Over the past months, I’ve been excited to share my rather primitive augmented and virtual reality creations with any who will spare a few minutes. Most of the time, anyone I can wrangle to my tech setup shows the same amount of enthusiasm.
This is especially promising, as I realize my asking people to try out a VR headset sounds about as creepy as an up-and-coming, first-time, white, preppy actor attempting to portray a seedy thug proposing an alley drug deal in a cheesy 1980s cop drama. I’ve yet to decide whether I want to alter my approach, as it’s amusing for me and appears to work in the way intended.
When you’re looking to rent, buy or lease a new car, what do you look for? Are you excited for a moon roof? Perhaps heated or leather seats are your thing. Maybe you want to be more Earth-friendly, so good gas mileage or electric vehicles strike your fancy.
How about a new smart phone — what do you want there? Are you excited to see the new iPhone model, or did you hear the Pixel has a better camera?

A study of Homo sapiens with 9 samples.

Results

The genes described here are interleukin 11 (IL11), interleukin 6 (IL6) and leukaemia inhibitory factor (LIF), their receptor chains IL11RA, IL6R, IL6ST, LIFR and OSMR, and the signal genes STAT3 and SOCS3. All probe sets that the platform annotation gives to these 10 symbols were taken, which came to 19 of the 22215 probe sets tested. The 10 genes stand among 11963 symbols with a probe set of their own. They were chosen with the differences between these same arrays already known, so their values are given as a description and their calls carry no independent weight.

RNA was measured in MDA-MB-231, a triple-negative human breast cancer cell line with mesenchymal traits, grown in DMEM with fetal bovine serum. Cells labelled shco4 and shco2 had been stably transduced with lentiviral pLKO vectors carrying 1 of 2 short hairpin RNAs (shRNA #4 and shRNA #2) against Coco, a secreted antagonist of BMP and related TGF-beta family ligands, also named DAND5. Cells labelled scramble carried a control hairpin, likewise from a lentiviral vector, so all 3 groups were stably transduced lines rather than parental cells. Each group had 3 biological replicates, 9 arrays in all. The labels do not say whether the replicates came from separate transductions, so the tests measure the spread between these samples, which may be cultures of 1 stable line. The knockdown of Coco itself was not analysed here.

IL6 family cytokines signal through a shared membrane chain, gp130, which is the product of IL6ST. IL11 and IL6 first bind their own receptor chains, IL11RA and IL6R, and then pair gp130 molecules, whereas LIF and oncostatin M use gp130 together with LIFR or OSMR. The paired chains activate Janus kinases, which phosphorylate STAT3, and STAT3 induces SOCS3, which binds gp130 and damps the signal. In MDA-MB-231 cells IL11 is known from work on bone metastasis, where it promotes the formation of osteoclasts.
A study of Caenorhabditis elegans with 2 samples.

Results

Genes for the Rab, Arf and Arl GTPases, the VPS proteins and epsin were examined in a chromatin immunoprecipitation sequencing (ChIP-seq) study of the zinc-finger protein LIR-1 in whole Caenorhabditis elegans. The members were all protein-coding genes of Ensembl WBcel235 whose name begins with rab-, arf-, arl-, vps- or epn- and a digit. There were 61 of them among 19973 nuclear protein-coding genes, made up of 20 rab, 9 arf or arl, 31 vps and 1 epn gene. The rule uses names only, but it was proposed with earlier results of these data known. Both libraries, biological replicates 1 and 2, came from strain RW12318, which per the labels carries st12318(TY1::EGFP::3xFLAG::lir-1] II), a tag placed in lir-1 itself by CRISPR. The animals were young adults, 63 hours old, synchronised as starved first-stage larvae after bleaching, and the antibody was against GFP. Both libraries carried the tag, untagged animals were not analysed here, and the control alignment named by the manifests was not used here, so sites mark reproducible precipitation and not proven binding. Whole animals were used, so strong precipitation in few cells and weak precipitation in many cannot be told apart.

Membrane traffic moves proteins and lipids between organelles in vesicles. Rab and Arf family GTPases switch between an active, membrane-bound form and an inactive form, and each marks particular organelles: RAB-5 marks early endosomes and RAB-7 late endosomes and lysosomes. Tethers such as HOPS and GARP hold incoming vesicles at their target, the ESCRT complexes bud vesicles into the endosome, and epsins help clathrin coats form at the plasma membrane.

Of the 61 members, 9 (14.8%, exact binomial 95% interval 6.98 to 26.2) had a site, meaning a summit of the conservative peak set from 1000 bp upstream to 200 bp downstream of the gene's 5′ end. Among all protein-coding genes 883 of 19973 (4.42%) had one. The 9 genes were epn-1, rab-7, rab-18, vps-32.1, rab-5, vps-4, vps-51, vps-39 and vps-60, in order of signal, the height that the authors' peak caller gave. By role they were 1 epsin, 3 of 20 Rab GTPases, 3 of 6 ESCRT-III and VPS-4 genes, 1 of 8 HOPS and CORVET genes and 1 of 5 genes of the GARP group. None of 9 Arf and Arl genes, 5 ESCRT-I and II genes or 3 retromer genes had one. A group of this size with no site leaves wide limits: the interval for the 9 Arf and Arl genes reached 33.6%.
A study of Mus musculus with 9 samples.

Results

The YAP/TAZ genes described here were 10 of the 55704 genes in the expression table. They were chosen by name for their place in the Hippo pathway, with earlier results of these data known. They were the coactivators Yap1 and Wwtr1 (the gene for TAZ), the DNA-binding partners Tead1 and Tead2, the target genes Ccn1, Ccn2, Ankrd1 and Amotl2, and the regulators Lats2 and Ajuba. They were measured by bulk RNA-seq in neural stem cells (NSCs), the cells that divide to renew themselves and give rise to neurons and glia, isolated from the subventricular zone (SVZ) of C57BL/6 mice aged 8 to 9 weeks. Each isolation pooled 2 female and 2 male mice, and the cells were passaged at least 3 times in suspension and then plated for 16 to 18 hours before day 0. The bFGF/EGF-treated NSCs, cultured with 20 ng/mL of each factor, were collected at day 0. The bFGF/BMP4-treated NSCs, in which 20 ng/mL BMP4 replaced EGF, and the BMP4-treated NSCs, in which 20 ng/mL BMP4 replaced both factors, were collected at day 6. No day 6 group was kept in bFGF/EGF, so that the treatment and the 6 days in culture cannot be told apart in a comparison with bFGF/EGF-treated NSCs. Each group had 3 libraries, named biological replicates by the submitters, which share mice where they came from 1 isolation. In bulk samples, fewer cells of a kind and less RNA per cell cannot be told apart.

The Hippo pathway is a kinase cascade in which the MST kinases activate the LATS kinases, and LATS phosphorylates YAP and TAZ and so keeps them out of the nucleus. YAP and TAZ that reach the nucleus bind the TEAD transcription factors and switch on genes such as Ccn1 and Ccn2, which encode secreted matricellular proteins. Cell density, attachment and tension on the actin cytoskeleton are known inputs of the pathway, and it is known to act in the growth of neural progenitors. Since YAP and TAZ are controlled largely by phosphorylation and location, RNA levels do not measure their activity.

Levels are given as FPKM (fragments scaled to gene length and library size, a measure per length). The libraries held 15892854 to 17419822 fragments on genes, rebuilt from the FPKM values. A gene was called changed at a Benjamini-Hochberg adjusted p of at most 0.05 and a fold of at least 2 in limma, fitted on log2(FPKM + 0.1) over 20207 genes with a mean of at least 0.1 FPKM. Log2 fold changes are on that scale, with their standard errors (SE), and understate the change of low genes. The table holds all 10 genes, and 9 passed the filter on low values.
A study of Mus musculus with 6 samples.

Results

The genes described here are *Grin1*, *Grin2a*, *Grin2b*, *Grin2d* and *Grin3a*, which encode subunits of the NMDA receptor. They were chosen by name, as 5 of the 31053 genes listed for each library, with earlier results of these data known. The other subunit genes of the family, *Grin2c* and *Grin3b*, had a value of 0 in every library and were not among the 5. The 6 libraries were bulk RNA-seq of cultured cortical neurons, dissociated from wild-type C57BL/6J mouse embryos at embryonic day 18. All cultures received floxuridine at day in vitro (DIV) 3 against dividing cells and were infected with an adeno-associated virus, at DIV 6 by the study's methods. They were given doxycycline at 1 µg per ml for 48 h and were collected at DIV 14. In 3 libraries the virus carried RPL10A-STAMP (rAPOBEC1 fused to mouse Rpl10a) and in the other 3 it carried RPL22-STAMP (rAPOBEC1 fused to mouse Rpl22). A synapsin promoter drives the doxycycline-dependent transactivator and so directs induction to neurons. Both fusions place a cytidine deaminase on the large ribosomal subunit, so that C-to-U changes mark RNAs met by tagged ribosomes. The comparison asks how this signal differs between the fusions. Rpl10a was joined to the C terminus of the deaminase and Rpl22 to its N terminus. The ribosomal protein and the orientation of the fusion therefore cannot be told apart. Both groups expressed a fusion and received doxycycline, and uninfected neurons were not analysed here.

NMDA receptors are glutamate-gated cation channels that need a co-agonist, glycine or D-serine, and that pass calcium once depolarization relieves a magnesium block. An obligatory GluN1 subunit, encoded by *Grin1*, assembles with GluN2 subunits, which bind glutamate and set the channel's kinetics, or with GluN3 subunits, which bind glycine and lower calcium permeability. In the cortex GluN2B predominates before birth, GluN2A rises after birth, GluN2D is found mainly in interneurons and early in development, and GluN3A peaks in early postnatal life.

What’s important in your new computer? Do you need a good graphics card for gaming, or are you more partial to a light-weight, portable model allowing you to work while traveling?
For all of the things you purchase, yes-ALL, you make your decisions on one over the other based upon details or “perks.”
I’ve witnessed this frequently as I creepily lure my VR “victims” into an experience. Few have had the pleasure prior, so they’re blank slates. Now, however, they have a pre-conceived notion of what to expect. It’s based off of what I showed to them which, in turn, is based off of what one particular brand allowed at it’s very basic of functions.
Other “victims” have tried something in the virtual reality realms before. They are harder to coerce into sitting on my swiveling stool. They are already locked into their pre-conceived ideas of what will be shown — almost always based upon a prior experience shown by an over-eager teen gamer — and are none too eager to give it another go.